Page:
Casino Basics

What follows are a few facts that you should keep in mind before heading in to any casino with cash in hand. Most of this is specific to Las Vegas but a lot of it applies to casino gambling anywhere in the US.

  • Most Las Vegas casinos are open 24 hours a day, 365 days a week.
  • You must be 21 to even enter the gaming area much less play the games. If you look young, be sure to carry some form of identification such as a driver’s license or passport because casino personnel may ask you to prove you’re old enough to be there.
  • There are cameras, security, and undercover operatives that watch every square inch of the casino at all times. Don’t even think about trying to cheat – you’ll get caught and you will go to jail.
  • Be sure to pay attention to limits on table games, slots, and video poker. If you mess up and wind up betting more or less than you could’ve or should’ve the casino isn’t going to listen to a “but I didn’t mean to…”
  • Most casinos offer free or heavily discounted drinks to people playing the games including slot machines. Cocktail waitresses abound in most casinos but remember, they live off your tips so be generous, especially if the drink is free.
  • Most casinos offer free gaming lessons on the various card and table games. Check with the main casino cage or the guest services counter of any casino/hotel for schedules. These gaming lessons can be valuable in more ways than one. In addition to the knowledge you’ll acquire, many casinos offer discount coupon books to people who take the time to learn how to play the games.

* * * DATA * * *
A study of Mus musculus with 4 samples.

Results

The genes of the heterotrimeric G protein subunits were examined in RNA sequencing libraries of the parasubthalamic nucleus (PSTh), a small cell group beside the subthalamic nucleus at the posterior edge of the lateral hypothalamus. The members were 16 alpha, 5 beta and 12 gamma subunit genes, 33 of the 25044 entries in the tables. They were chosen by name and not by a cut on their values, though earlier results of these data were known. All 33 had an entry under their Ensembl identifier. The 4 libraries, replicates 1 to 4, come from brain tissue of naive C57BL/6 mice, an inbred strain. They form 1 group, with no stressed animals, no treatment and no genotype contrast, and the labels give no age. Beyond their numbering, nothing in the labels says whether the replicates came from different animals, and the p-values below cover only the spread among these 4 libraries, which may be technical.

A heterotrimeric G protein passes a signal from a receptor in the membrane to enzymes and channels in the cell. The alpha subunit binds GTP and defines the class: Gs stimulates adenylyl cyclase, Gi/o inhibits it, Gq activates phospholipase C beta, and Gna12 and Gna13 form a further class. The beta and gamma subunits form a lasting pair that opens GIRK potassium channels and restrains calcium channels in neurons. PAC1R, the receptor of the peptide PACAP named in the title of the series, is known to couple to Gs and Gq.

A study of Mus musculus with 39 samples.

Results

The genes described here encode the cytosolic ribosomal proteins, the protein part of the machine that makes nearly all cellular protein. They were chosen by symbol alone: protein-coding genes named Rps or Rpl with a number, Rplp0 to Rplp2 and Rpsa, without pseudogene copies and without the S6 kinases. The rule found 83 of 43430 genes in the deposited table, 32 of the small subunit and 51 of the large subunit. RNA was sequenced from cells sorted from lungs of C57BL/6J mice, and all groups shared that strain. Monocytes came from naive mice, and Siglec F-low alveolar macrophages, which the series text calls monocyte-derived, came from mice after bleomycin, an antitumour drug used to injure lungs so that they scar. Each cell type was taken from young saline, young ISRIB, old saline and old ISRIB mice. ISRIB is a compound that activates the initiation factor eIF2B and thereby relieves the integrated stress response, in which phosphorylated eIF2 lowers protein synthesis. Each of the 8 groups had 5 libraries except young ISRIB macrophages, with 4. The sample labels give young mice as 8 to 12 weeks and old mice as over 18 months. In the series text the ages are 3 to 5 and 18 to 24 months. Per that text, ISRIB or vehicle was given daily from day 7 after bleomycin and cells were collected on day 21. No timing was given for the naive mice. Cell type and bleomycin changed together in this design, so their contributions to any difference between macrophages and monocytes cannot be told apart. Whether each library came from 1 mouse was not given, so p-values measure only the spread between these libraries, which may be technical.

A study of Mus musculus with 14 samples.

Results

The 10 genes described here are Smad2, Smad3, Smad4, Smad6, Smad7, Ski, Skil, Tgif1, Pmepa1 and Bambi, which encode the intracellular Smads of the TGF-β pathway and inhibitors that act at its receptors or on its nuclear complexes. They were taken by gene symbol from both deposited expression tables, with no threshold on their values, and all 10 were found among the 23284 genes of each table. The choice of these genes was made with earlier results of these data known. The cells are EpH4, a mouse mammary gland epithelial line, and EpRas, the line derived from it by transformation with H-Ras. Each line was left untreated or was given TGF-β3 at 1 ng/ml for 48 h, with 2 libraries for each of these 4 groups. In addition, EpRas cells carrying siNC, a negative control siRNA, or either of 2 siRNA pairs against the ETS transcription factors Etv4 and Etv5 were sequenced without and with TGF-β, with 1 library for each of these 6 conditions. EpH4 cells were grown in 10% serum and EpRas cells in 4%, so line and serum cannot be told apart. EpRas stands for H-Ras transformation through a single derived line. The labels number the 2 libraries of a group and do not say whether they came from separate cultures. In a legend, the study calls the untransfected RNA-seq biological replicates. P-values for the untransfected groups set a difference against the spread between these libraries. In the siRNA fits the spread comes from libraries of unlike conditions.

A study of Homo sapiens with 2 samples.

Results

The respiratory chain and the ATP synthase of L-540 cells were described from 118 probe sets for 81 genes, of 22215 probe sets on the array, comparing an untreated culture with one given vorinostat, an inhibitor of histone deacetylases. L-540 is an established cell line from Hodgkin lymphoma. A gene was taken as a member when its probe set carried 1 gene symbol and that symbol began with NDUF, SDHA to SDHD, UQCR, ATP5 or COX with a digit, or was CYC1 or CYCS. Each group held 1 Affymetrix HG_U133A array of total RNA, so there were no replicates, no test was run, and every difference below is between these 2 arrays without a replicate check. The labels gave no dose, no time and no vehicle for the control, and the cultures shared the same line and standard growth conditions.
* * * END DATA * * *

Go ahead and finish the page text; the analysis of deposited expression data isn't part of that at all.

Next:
• Most casinos make it really easy to get money. Again, laws vary from state to state, but most casinos in Las Vegas have automated teller machines (ATM), check cashing, and systems to take cash advances from your credit cards. Note that there are fees associated with using any of these ways to get cash. An ATM will typically charge you anywhere from $5-$8 on top of whatever your bank will charge you and credit card advances will cost you at least 3% of whatever you are taking. My recommendation is to leave your bank cards, credit cards, and check books at home and only bring as much money as you’re willing to lose – most of the time, you will.
  • There are several ways to get change and chips in a casino. Most have automatic bill-breakers, where you can insert a $100 bill and get five $20 bills (for instance). There are usually some attendants walking around that can break large bills but they are a lot less common than they used to be now that the automatic machines are more prevalent. Gaming chips can be purchased at any table or the main cashier cage (ask an attendant where it is) and usually redeemed at the cashier cage only.
  • Always remember that gambling should not be looked at as a way to make money! Most of the time, you won’t. If you view the slots and table games as a form of entertainment you’ll have a much better time (and will probably lose less money).
  • Most casinos have gaming (slot/player) clubs where you earn points toward meals, shows, or rooms by gambling in their casino. You have to give away some of your personal information (like address and perhaps e-mail) but that junk mail you get can get you some deep discounts on future visits.
  • Most casinos will offer perks if you’re dropping a lot of money at their tables or slots. Make sure somebody sees you spending money and then casually ask if their show is any good or which restaurant is best. It’s not a guarantee but often they’ll give you discount coupons or freebies just to keep you happy and gambling.